Whether you live in a small town, city, suburb, in the middle of a sprawling field or tucked away in trees, we all have a community that we call our own.
I have lived on the edge of my husband’s hometown for over seven years. We are a thousand people in a county of less than three thousand people. There is not a stoplight in our county, or any adjacent county. It’s rural.
For a drive-thru, a big box store or Starbuck’s, we drive over 90 miles. But I was reminded this past week of the treasures our community offers every day. You might not always see them. You have to be on the lookout. You have to appreciate the little moments and give a new opportunity a try. You have to love the people making an effort to make our small town a vibrant and fun place to live and raise a family.
Our football team, who plays nine-man football against the smallest schools in our state had to travel 140 miles one-way and back again on Friday night. Our young girls stayed home with my husband’s parents. When we got home close to midnight, Nathan and I were exhausted after the driving and watching a tough loss. We hadn’t taken any hits or been tackled. I couldn’t imagine how our son, Hunter or his teammates felt. After a short night of sleep, Hunter was up before 7 a.m. on Saturday morning to be at the local golf course for a basketball team fundraising breakfast.
Now I can reassure you, Hunter is a normal teenager who would have preferred to sleep until mid-morning that day. But our local Association of Commerce, led by business owners and community leaders was hosting a breakfast to welcome visitors attending races at the Tri-County Speedway, a mile outside of town. The boys basketball team was asked to help. Banged up and bruised, football players are also basketball players in a different season. The boys were there along with a few other helpful volunteers.
After a French toast, pancakes, eggs and local homemade sausage feast, Nathan and I along with our girls headed back into town for a stop at the drug store. There I saw a sign for the “Lutheran Church Rummage Sale” going on that morning.
Now I am not usually a rummage sale mama. Instead, I love auction sales, a trait passed down to me from my mama. I love bidding. I love digging through boxes to find treasures and then holding up my number and hopefully winning. I love finding an antique table or chair at auctions. But rummage sales don’t offer me the same thrill. The girls wanted to go to the rummage sale and I agreed we could walk down and check it out, for a short bit. Nathan and I walked through with the girls and checked out with $7.50 worth of treasures. It was an overflowing box of treasures for the girls, from a shelf for one of their bedrooms, “A” and “E” letters for their initials, a set of mini-mugs and a little lamp Elizabeth insisted she needed for her bedroom.
The Lutheran church basement is large and was full of tables and racks of clothes, household goods and even a table of fresh-baked goods. As we checked out, I looked around at the people near us and across the room. What I appreciated the most was that our girls knew every single person there. Every woman, man and child was not a stranger. They were all community members, sharing stories about items and asking whether you had been to the fundraiser breakfast at the golf course yet or if we had gone to the away football game last night.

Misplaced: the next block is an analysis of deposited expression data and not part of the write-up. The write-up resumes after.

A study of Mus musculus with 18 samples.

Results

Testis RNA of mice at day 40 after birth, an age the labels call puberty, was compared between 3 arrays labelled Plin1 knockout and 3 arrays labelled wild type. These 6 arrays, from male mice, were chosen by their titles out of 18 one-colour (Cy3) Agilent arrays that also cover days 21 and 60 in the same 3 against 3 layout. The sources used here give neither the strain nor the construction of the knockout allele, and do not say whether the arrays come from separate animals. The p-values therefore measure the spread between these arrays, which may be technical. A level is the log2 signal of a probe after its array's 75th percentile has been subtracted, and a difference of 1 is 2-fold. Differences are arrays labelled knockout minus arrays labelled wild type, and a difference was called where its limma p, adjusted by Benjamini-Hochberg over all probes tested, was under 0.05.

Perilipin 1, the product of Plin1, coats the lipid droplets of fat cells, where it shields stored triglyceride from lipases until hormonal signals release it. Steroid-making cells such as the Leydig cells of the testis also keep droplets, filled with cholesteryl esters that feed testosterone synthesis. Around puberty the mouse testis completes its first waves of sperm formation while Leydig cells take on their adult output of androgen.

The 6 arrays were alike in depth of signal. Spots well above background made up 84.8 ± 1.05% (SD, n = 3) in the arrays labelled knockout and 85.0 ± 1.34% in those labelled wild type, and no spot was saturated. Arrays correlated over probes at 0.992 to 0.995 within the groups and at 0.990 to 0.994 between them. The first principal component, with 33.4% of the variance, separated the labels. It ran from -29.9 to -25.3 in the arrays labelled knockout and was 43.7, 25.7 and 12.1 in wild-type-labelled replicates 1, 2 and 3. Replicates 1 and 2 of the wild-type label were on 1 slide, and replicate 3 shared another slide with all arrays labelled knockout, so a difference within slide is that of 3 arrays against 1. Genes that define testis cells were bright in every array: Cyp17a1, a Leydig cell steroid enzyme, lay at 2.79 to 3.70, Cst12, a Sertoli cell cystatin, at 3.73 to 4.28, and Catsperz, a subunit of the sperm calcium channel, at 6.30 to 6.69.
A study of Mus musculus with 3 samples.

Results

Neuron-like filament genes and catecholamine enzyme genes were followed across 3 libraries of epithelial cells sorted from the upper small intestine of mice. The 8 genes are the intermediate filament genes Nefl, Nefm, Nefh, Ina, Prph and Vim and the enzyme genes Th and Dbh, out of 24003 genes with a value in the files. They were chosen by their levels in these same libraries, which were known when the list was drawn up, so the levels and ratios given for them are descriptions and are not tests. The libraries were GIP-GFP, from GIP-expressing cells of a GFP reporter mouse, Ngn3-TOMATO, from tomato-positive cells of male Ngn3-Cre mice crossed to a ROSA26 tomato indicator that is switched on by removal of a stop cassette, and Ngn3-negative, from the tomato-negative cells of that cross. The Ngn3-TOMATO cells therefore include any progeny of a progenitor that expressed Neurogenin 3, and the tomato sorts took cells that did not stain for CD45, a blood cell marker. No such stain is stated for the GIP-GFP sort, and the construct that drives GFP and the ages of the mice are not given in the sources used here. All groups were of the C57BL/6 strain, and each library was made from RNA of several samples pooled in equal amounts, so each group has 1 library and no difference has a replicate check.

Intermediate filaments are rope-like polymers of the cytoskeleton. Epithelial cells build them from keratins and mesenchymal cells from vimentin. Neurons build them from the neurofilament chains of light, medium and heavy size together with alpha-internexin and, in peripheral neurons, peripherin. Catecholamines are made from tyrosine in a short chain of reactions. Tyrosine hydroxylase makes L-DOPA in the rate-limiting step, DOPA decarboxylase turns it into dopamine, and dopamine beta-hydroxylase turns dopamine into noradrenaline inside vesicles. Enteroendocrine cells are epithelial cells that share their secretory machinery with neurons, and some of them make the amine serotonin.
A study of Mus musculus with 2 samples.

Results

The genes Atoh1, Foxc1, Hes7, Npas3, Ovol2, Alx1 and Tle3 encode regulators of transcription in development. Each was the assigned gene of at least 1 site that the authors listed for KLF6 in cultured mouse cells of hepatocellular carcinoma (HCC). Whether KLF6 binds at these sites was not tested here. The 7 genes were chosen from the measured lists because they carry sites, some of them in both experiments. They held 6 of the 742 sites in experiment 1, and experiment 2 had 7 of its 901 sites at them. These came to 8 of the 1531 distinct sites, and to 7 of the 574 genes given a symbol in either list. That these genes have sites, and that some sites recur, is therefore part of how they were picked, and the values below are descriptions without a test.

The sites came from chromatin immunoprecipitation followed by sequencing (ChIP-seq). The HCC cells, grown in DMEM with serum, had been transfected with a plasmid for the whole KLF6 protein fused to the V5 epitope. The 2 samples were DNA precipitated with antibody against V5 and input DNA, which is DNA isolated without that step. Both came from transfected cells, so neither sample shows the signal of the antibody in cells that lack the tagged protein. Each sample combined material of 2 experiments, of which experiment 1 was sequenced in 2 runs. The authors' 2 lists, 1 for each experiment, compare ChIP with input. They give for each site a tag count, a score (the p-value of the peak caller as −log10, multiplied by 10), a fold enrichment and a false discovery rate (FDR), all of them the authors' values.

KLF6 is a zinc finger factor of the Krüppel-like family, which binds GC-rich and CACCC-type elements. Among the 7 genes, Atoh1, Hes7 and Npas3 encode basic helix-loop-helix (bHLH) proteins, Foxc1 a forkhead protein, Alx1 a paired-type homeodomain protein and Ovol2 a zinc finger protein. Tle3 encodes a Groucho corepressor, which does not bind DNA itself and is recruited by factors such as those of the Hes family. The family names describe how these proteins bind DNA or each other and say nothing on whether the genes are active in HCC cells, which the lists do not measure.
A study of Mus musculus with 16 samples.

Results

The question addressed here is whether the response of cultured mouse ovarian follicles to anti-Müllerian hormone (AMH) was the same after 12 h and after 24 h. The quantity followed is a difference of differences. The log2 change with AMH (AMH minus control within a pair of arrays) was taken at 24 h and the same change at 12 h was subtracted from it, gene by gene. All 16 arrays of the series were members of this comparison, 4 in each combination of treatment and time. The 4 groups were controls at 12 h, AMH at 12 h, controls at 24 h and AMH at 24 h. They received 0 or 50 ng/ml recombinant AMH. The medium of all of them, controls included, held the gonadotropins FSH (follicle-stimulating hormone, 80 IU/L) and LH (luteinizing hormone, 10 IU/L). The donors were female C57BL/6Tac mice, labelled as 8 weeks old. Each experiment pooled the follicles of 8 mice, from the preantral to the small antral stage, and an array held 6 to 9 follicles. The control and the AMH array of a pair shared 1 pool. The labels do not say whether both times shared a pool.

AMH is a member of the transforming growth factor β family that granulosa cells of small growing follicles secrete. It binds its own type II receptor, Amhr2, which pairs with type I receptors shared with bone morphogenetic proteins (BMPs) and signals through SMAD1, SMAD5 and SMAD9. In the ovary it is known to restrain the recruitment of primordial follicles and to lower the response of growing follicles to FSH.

It was the sense of community that I loved in the Lutheran church basement that made me proud to be buying $7.50 worth of treasures at the rummage sale. The sense of community was a treasure by itself.
As we walked out a fur coat hanging on the exit door caught my eye. It took me back to the rabbit fur coat from a favorite downtown Grand Forks, North Dakota store of my childhood, Mandal’s. My mom and I had once been Mandal’s models for early 1980’s print ads. I loved my fur coat of my childhood.
My husband kept walking up the stairs, leaving the Lutheran church basement and giving me a look of “You don’t really want that, do you?”
Our friend said, “Are you going to wear it on Halloween?” I laughed, picked up the mink fur coat and said, “No way! I am going to wear it all winter!”
Another woman said, “If you don’t buy it, I will.” The tag said “Jorge’s Furs of Minneapolis” and I knew this was a treasure of someone’s that wanted to share it with another person in the Lutheran church basement.
I went to Nathan’s pick-up to grab my checkbook. In small towns, we still write checks.
I wrote a check for the mink coat and left with my newly found Lutheran basement rummage sale treasure. Inside of it the original’s owners initials are embroidered. The story I was told was that she wanted someone on our small town to have it rather than having her family sell it online.
One day, I will wear it this winter and go visit her.
Elizabeth snapped my picture from my phone as I left the church. I was reminded there are treasures to be found in every community. Sometimes they are material things that have a story, a rich history. Other times they are people who offer their time, or need a listening ear, only for them to teach us more than we could ever give back to them. Maybe an undiscovered treasure is a weekend festival or event you have never participated in, a new business you haven’t frequented, an old business that needs your support or just a new neighbor that needs a friend.
There are treasures in every community. This week, look for a mink coat, tucked away in the Lutheran church basement. Find a new treasure in your community.